Crews continued to battle flare-ups in thethat have devastated the Hawaiian island of Maui and so far killed at least 93 people as of Sunday, with hundreds still missing, according to government officials.
The term "flare-up" refers to any situation where the rate of spread or intensity of a wildfire accelerates suddenly. It is a phenomenon that does not typically last long or require significant overall changes to a given wildfire management plan, the U.S. Forest Service says.
As firefighters worked to extinguish flare-ups in blazes that broke out last Tuesday in the historic West Maui town of Lahaina and in Maui's inland Upcountry region, three homes in Olinda and 16 homes in Kula — both in Upcountry — had been destroyed, Maui County said Sunday. Many other homes had sustained damaged, the county added.
The Pacific Disaster Center and the Federal Emergency Management Agency previously estimated that more than, the vast majority of which are believed to be residential, had been damaged or destroyed in the fires. Officials projected that rebuilding could cost , and that 4,500 residents will need ongoing emergency shelter in the meantime.
A third wildfire that burned last week near Kihei, along the southwestern coast of Maui, was declared 100% contained as of Saturday, Maui County said, noting in their latest update that "containment indicates what percentage of the fire perimeter has been enclosed by a control line and reflects opportunities for the fire to spread beyond its original border into new areas."
Another fire reported on Friday evening in Kaʻanapali, which is just a few miles north of Lahaina, was extinguished as of Saturday. That fire covered about one acre of land, according to county officials.
Death toll rises but few victims identified so far
The death toll from Maui's wildfires has risen to at least 93, the county said in a news release late Saturday. Officials have only identified two of the people confirmed deceased in the aftermath of the blazes, which are now the deadliest natural disaster in Hawaii since it became a state in 1959.
Lahaina was hit hardest by the wildfires, and Hawaii Governor Josh Green estimated that 80% of the town has been destroyed. CBS affiliate Hawaii News Now reported that a family of four died while trying to escape the Lahaina fire last week. They were found on Thursday in a burned car near their home, according to the station.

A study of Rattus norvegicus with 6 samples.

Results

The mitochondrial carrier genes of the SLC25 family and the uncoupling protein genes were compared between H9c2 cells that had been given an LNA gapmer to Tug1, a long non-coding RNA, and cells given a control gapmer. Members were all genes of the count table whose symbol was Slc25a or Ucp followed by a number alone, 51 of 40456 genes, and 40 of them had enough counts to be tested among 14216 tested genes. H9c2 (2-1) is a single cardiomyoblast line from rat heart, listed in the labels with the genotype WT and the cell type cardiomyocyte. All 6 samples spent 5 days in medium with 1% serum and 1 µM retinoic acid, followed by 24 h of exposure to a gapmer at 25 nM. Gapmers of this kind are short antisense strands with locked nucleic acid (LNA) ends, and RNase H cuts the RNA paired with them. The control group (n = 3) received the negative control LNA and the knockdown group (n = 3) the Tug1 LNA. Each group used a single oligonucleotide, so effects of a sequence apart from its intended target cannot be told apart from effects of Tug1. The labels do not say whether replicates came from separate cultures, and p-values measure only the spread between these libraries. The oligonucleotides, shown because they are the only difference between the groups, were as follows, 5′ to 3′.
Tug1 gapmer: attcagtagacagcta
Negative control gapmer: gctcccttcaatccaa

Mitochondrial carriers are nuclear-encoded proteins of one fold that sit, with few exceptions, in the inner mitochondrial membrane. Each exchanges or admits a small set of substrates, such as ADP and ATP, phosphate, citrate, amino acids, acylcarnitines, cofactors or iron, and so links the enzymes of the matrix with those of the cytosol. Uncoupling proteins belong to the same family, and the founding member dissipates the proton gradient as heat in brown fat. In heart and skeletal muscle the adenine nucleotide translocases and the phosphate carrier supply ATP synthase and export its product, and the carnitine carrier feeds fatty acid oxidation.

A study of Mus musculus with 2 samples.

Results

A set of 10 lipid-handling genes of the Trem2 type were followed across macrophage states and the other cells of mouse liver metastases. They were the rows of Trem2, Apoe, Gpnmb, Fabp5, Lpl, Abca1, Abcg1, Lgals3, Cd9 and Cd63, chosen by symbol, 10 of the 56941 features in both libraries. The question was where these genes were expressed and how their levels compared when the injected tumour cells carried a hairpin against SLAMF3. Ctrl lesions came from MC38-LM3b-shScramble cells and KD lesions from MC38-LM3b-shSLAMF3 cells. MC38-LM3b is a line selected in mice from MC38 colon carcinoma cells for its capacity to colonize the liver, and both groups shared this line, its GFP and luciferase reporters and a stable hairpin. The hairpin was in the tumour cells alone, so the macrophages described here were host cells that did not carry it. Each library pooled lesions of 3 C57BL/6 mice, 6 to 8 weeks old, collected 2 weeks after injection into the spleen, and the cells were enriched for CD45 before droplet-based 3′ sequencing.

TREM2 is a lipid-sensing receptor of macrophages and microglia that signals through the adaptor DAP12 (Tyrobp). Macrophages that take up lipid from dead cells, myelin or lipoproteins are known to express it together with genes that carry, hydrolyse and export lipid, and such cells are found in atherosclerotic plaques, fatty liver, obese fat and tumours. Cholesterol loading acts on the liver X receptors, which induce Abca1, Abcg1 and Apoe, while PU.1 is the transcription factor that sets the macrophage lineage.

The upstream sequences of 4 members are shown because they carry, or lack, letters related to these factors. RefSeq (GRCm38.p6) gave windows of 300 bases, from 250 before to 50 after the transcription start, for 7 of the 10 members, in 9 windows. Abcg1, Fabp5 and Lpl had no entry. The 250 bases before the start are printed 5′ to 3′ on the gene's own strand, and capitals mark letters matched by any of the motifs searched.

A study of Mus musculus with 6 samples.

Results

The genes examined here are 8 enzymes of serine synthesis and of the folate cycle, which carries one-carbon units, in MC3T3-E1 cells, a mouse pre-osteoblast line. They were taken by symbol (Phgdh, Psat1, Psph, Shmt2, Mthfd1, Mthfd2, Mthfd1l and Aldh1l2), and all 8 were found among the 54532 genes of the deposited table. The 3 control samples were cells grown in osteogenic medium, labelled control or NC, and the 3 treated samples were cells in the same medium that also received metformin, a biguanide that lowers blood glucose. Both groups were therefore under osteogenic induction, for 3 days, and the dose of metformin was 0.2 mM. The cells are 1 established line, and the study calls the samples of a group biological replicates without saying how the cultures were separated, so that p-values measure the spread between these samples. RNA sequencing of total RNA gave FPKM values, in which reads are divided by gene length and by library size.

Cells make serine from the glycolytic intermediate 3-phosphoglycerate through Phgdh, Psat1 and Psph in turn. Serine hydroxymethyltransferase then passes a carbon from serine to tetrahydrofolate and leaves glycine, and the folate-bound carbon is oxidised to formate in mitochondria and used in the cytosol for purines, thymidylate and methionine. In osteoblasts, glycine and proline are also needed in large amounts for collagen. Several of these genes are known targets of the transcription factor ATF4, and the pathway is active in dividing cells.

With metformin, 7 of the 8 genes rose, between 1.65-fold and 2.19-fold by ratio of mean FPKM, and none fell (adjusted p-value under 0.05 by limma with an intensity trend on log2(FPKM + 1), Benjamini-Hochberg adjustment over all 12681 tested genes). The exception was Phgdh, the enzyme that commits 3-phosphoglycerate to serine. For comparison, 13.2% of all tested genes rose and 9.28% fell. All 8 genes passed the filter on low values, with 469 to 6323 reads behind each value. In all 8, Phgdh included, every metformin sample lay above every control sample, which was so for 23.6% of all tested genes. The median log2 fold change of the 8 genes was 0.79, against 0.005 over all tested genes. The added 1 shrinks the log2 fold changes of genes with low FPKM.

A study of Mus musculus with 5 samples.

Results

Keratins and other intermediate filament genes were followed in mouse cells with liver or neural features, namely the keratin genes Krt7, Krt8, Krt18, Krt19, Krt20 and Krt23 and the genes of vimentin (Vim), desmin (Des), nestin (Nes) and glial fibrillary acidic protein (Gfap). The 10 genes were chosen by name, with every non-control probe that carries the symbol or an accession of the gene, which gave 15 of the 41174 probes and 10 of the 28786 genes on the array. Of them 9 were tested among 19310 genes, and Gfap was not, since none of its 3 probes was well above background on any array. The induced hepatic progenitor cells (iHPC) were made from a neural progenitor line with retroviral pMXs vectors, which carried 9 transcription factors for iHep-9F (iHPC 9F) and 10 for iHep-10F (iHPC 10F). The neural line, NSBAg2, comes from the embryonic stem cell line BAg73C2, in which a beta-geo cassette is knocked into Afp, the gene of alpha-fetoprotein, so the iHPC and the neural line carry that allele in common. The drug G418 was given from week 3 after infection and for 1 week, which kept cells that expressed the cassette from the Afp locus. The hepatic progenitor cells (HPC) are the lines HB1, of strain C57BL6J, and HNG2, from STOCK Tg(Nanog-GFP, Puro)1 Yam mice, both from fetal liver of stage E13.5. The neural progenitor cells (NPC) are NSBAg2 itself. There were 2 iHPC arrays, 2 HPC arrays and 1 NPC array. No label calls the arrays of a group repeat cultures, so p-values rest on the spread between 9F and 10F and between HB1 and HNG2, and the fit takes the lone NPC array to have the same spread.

"The magnitude of our grief is indescribable, and their memories will forever remain etched in our hearts," relatives of the family said in a statement.
Local crews were working with cadaver dog teams flown in by FEMA to find more missing people in neighborhoods that have been reduced to fields of ash. Maui police chief John Pelletier said crews have covered just 3% of the destruction.
"We've got an area that we have to contain that is at least five square miles, and it is full of our loved ones," he said.
Pelletier urged people with missing family members to take DNA tests to aid in the identification process.
"When we find our family and our friends, the remains we're finding is through a fire that melted metal. We have to do rapid DNA to identify them. Every one of [them] are John and Jane Does," he said.
FEMA administrator Deanne Criswell said the agency will be bringing in more dogs to speed up the process. Pelletier said he had requested 12 more dogs, which were on the way Sunday.
Hawaii AG launches review
Hawaii Attorney General Anne Lopez announced on Friday that her department would be conducting "a comprehensive review of critical decision-making and standing policies leading up to, during, and after the wildfires on Maui and Hawai'i islands this week."
County officials are facing criticism for their response. A 2014 Hawaii wildfire protection plan warned dry vegetation could fuel a catastrophic blaze, but action wasn't taken and survivors of the most recent fire said they weren't told to evacuate until it was too late.
In a statement, Lopez said the department "is committed to understanding the decisions that were made before and during the wildfires and to sharing with the public the results of this review."